Villeneuve to add Canadian resources for Red Hat

Luc Villeneuve, country manager, Red Hat Canada

, country manager, Canada

Four months into his new role as country manager for Red Hat Canada, Luc Villeneuve has a clear goal – get more resources present in country to support the company’s partners.

In many ways, Red Hat Canada’s recent journey resembles that of its rival Canada – a vendor achieves significant growth in Canada over a fairly long period of time, but to keep fueling that growth, it needs to evolve from a sales and marketing branch in Canada to more truly Canadian organization.

In both cases, the vendor involved chose a veteran executive to lead the charge, and one with a long track record in the Canadian channel. For VMware, it was former Canada chief , and for Red Hat, former and NCR boss Villeneuve.

“We’ve reached a size where it makes sense to have resources in Canada to capture all of the opportunities here. We’re large enough to have full-time marketing and other full-time resources. We’re at the right point to make those investments,” Villeneuve said.

Two partner-facing roles are top-of-mind for Villeneuve. First, he noted that the company does too much of its management of Canadian ISVs out of the U.S., and he’s aiming to change that by bringing aboard a new person to manage its ISV and embedded partners. Similarly, the company needs a Canadian manager overseeing its technology ecosystem and OEM partners.

“We’re doing a good job of building these relationship and value propositions North America-wide, but in Canada, we’re a little bit too far away from the business sometimes. We need to be able to run the ball independently in Canada, while still taking advantage of the good work done by our counterparts in the U.S.,” Villeneuve said.

On the more traditional channel front, Villeneuve echoed Red Hat’s bigger message from its North American Partner Conference earlier this year that it needs to invest more in partners who are more invested in it. Right now, there’s a core group of 25 or so partners that represent the top of the pyramid for Red Hat in Canada, and Villeneuve said the company is going to “re-align our resources to focus” on that group.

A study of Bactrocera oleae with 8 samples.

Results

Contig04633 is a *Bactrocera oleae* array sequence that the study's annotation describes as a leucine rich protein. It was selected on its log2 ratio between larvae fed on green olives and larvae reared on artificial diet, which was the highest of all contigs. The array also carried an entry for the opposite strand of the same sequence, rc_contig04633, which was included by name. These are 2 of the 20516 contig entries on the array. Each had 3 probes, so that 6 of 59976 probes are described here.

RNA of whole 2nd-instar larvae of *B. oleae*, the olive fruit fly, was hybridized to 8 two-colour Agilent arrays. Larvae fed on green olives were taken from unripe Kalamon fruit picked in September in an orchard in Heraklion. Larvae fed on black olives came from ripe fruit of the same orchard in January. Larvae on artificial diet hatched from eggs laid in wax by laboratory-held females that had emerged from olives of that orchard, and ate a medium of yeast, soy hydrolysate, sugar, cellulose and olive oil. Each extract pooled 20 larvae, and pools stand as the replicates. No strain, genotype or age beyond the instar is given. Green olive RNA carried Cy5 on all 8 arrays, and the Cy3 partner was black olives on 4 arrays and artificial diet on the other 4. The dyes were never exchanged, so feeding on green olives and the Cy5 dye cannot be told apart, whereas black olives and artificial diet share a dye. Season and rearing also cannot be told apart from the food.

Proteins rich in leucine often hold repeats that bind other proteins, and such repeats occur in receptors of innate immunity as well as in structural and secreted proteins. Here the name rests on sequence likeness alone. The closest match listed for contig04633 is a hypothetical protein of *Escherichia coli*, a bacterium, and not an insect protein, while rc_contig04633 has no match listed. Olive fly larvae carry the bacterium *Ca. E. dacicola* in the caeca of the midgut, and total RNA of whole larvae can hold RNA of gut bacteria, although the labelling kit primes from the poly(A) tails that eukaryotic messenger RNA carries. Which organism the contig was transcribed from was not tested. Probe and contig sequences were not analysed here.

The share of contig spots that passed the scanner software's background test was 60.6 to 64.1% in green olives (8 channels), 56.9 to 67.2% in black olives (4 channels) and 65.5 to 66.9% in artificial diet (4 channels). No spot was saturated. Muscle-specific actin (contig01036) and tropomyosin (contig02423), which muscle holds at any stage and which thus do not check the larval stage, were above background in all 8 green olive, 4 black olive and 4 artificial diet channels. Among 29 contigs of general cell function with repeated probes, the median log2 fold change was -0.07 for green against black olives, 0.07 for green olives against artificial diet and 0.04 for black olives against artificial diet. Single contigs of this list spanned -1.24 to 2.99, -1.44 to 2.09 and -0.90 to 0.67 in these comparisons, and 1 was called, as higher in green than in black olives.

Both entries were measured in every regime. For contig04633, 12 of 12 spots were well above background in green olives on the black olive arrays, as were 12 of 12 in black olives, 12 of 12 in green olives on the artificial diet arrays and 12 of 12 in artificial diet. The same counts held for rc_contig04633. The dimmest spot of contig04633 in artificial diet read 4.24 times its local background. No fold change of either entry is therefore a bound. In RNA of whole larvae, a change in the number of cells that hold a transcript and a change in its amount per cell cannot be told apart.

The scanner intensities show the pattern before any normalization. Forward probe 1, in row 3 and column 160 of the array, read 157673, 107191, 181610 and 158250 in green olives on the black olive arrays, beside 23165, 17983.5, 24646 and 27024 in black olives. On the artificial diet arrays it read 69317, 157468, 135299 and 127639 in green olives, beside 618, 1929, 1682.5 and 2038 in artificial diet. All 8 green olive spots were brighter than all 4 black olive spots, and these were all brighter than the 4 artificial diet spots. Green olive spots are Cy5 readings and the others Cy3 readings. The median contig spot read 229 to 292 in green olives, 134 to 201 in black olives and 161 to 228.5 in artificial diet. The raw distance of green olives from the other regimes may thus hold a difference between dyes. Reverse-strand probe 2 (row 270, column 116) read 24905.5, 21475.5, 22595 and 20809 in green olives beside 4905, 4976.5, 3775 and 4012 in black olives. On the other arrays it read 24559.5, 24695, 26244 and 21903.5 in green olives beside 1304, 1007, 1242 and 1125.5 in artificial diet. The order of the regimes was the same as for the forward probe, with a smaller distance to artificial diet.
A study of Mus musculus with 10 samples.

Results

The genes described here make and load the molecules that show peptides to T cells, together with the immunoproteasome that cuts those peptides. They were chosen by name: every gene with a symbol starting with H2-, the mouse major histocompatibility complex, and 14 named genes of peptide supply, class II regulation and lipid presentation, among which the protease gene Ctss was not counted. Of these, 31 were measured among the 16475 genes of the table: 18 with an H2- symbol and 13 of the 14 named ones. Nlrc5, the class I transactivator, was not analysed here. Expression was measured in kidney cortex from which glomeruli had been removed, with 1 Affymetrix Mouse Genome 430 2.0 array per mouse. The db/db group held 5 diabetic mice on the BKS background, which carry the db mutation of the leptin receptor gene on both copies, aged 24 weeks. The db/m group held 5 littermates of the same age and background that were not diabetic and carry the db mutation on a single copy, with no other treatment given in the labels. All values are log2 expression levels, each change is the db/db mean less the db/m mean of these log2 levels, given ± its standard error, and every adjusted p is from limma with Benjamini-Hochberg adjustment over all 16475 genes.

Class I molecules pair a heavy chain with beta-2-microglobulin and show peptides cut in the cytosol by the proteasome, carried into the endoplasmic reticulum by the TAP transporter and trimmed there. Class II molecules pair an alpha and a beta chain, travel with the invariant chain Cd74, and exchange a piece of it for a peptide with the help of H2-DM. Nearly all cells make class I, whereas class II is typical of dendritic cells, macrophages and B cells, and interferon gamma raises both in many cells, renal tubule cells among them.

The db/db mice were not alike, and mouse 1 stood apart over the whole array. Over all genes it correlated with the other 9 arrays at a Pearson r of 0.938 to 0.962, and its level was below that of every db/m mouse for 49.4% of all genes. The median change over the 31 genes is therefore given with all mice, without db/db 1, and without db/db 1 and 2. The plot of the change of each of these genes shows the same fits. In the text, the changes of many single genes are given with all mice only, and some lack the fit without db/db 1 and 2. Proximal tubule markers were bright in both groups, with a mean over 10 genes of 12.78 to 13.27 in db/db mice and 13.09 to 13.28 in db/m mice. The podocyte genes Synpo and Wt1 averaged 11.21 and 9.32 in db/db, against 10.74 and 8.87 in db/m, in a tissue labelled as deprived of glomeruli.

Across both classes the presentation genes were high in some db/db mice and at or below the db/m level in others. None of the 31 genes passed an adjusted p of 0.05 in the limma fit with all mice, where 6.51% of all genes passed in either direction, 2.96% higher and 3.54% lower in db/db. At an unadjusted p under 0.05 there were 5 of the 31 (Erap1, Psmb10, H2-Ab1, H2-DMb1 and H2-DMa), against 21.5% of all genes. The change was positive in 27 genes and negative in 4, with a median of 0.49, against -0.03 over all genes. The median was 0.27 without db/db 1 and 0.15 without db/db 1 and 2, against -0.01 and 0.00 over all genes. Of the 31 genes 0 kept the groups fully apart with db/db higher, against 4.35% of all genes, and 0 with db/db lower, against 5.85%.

“We need to protect their investments, through the form of teaming agreements, through having ways to leverage our joint resources together,” he said. “We need to leverage the partner relationship and reassure them that we’re going to protect their investments.”

Getting the right resources in place will help greatly with that. While early in his tenure he’s had the all-important “first meeting” with all of his top partners, he said having more resources on board means more opportunities to have additional meetings and to allow both sides to stay up to date on each other’s businesses.

“It’s all about training the partners, workshopping with the partners, and implanting the first projects together. There’s a lot of cross-pollination we need to do,” he said.

That’s especially true as Red Hat brings a broader array of offerings into the channel, expanding from its core business as the face of Linux in the business environment to also include , virtualization, management and storage software offerings. In each of those cases, the company needs to get its key partners on board, excited and invigorated.

And even among other products long core to Red Hat – such as its JBoss– there’s a lot of work to be done in getting partners that represent Enterprise Linux to also represent its middleware stack. And vice versa.

“The middleware piece is a big opportunity with a lot of money spent by the end user, and our value proposition is very solid. I expect this part to do well for is. Cloud is very good too, but maybe a little bit behind the middleware cycle,” Villeneuve said.

Behind that, there are opportunities around , , and increasingly based on the company’s wares.

“We play in a three-dimensional view of this, and there’s a lot of questions and a lot of demand out there,” he said.

And Villeneuve made it clear the company intends to keep a fairly small sales force in Canada, pouring more of its new resources into training, enabling, and supporting its partners to help reach a broader array of opportunities.

“We’re going to grow the channel, and we’re going to do well with the channel, no doubt,” Villeneuve said.